One of the many advantages of using a prepared statement, is the ability to bind individual columns in a ResultSet, to named variables. This makes int easier to embed the results in HTML. This is pdo_output.php, which you can find in the Chapter03 03_05 folder of the exercise files. It's exactly the same code as in the prepared statement with named parameter, that was created earlier in this chapter. On lines 11, 12 and 13, we've bound the input values using the bindValue, and the bindParam methods.
To bind the output values, you use the bindColumn method. And normally, you should do that after the prepared statement has been executed. So we execute the prepared statement on line 14. Let's add a new line after there, and call bindColumn on the statement object. The first argument to bindColumn is the column that you want to bind. So let's bind the make column. That's a string that you need to put in there. And the second argument, is the variable that you want to bind the result to.
So we'll simply call it make, beginning with a dollar sign. As well as, using the column name, bindColumn lets you use the column's position in the result, counting from one. So, yearmade is the second result in our result set. So, let's bind that using a number and we'll bind it to year. With PDO, you don't need to bind all of the columns, so let's test this by scrolling down to the table, that displays the results, and replacing the existing values with these new variables, make and year.
So, let's go all the way down, at the moment we're assigning the results to a row, so we're using row make. We change row make simply to make and row year made we can change to year. So if we save that, and test it in a browser, it should work as before. Let's see if we can find some Ford cars. Yes, that's working perfectly. Although you can use the column number instead of the column name, there is a little bit of a problem with it.
Let's go back to the editing program, and I'll show you what I mean. Go right back up to the top, and I'm going to select all of the column names in the SQL. Cut them to my clipboard and replace them with an asterisk, which simply means, select everything from the result. So, if we save that, and go back to the browser, we'll run exactly the same query as before, looking for Ford. And we need to see what happens to this Year column.
So, we click search, and everything has changed too. That's the make iID. What has happened is we're selecting everything from our results, and it's now being presented to us in the same order as it is in the tables, and the cars table begins with car ID, the second column is make ID. Unless you know the order of the columns in the table, using the numbers is rather dangerous. Let's go back and restore those column names, and we'll bind the output values of mileage, price and description to their own variables.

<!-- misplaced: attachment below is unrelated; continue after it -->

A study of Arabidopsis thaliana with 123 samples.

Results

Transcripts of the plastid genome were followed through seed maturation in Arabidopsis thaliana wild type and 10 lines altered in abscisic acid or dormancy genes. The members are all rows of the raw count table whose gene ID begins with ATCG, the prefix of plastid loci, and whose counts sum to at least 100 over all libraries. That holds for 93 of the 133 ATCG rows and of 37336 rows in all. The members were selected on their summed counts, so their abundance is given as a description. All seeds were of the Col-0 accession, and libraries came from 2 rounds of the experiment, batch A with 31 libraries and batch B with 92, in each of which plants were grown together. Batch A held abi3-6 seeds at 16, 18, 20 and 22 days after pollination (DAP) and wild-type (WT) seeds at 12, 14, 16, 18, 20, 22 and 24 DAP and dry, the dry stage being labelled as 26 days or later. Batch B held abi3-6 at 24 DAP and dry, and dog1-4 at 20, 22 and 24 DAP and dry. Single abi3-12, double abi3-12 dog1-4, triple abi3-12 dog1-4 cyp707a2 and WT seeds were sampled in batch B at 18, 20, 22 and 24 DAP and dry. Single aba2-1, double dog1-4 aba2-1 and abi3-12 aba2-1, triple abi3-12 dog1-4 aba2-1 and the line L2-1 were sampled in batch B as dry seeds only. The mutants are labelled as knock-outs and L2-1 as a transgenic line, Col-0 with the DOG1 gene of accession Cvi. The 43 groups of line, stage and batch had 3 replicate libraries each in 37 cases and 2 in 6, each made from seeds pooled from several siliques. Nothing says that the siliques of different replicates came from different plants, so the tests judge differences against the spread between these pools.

So I'm going to copy this bind column. And paste it there and then duplicate that line twice. Then what we'll do is, we'll have mileage, and we'll make that miles. Then price, price and description, we'll call that desk. Doesn't matter though, I'm still using two up here because we've now got the column names clearly defined, so it will still have the correct value.
So let's go back down to the table, and use these new variables. So, instead of row mileage, we change that to miles. Row price becomes price. And row description becomes desk. Now what we've done, is we've removed the row, the variable that statement fetch was assigning the values to, row equals statement fetch. This will still work, but we're no longer using row, so you can actually get rid of it. You can just use statement fetch on its own.
But then, we have this problem here of what do we have instead of row as our condition? Well the answer is that, as long as you know that we've got a variable that's going to have a value you could use one of those variables. You need to make sure that the variable that you choose, isn't going to have a null value. But in our particular database, all of the columns have got values, so we can just use the first one. We can use make. And then, we can get rid of road down there as well. If we save that. Go back to the browser, and we run this same Ford one again. Everything is working correctly now.
Let's say we create a search for something that doesn't exist. We've got no cars in there, that are called XYZ, search, no results found. So, using one of the bound variables as the condition to determine whether to display the results that works just as well as using the row. Now, I've tested this with both SQLite and MySQL, and it works as you can see here. But with some databases, this won't work.
The results won't be assigned to named variables, but there is a way in which you can solve that problem. And it makes your code far more portable. So let's just go back to the editing program. What you need to do, is you need to pass a PDO constant as an argument to fetch. So that if you put the cursor inside fetch, and it's all in caps, PDO then two colons and FETCH_BOUND. And we need to do that down here as well.
It's not necessary with all databases, but it does make it more portable. So, that's how you bind the values of a column in a result set to a variable. You use the bindColumn method. Just scroll up to the top, and the bindColumn method takes two arguments. The first one is the column that you want to bind. And the second one is the variable that you want to bind the result to. You can use the column number, counting from one. But I regard that as being less safe than using the column name.
Normally, you should call bindColumn after executing the prepared statement. The only exception is when working with large objects in PostgreSQL. A large object in PostgreS, needs to be bound before the prepared statement is executed, but that's the only exception. In this example, I've used the Fetch Method, but it also works with the Fetchall Method.